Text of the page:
Dementia patient at risk of being ‘starved to death’

An elderly woman with dementia who recently lost the ability to swallow but is otherwise healthy and sitting up “discussing recipes” has been discharged from hospital with a treatment plan which will involve her being “starved to death”, the High Court heard.

Having been told the 81-year-old woman has not eaten for 14 days, the president of the High Court, Mr Justice Peter Kelly, directed an urgent inquiry today into whether the proposed treatment is medically justifiable or if the woman should receive the normal treatment for her condition, PEG feeding via a tube into her stomach.

The woman’s GP had said in a letter to the hospital consultant involved that she, the GP, was “not comfortable ethically” with the proposed palliative care treatment, the judge noted.

The woman is “not imminently terminal” and, if the hospital’s plan of action for her care is continued, the cause of her death would be “from lack of feeding”, the doctor said.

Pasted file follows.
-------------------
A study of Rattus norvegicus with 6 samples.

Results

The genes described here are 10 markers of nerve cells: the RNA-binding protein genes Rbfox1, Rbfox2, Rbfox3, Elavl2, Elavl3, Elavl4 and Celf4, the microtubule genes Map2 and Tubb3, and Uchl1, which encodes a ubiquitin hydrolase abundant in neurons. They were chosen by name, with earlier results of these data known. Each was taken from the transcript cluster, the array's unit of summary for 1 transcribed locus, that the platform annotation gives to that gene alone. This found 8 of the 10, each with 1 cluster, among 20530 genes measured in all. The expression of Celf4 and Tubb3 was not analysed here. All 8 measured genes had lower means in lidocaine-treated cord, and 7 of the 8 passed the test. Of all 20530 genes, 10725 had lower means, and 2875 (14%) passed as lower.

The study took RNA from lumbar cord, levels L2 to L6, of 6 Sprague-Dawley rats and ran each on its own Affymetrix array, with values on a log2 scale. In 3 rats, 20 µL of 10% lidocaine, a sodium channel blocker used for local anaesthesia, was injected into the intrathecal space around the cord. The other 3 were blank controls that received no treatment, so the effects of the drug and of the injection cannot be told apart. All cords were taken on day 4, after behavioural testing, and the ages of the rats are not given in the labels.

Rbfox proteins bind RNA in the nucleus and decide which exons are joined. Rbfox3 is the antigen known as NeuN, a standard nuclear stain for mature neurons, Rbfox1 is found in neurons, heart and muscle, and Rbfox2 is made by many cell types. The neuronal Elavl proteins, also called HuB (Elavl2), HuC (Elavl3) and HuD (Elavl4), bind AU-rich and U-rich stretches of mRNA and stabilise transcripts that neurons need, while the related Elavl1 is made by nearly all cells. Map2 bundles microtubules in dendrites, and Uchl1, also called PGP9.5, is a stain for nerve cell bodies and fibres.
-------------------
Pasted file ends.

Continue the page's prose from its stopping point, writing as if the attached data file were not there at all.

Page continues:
“I am not comfortable ethically to be part of this care.”

The GP also said that if the proposed treatment decision was made as part of a multidisciplinary assessment, then she, the GP, could not override that “but I would need this in writing and to clearly state this”.

The hospital note “does not state anything re no PEG and the implications of this non-treatment”, she added.

The woman has had no food for 14 days after a consultant at the hospital said she was unsuitable for feeding via a tube into her stomach, the court heard.

She is on a glucose drip and her family are very concerned about her, it was stated.

Mr Justice Kelly said the matter must be addressed urgently as the woman has had no food for 14 days and no one would be in good condition if they were in the same position.

He directed either the HSE or hospital should attend a court hearing today to determine if the hospital’s plan is medically justified or if, as her family suggest, the woman should be instead fed via a tube into her stomach.

He would also be happy to hear from the woman’s family and GP, the judge added.

The woman is a ward of court and solicitor Andrew Cody, representing the concerns of the woman’s daughter, who constitutes her wardship committee, had raised the situation with the court. Neither the woman nor hospital may be identified by court order.

Mr Cody said the woman is a resident of a nursing home and has Alzheimer’s disease but is otherwise in reasonably good health.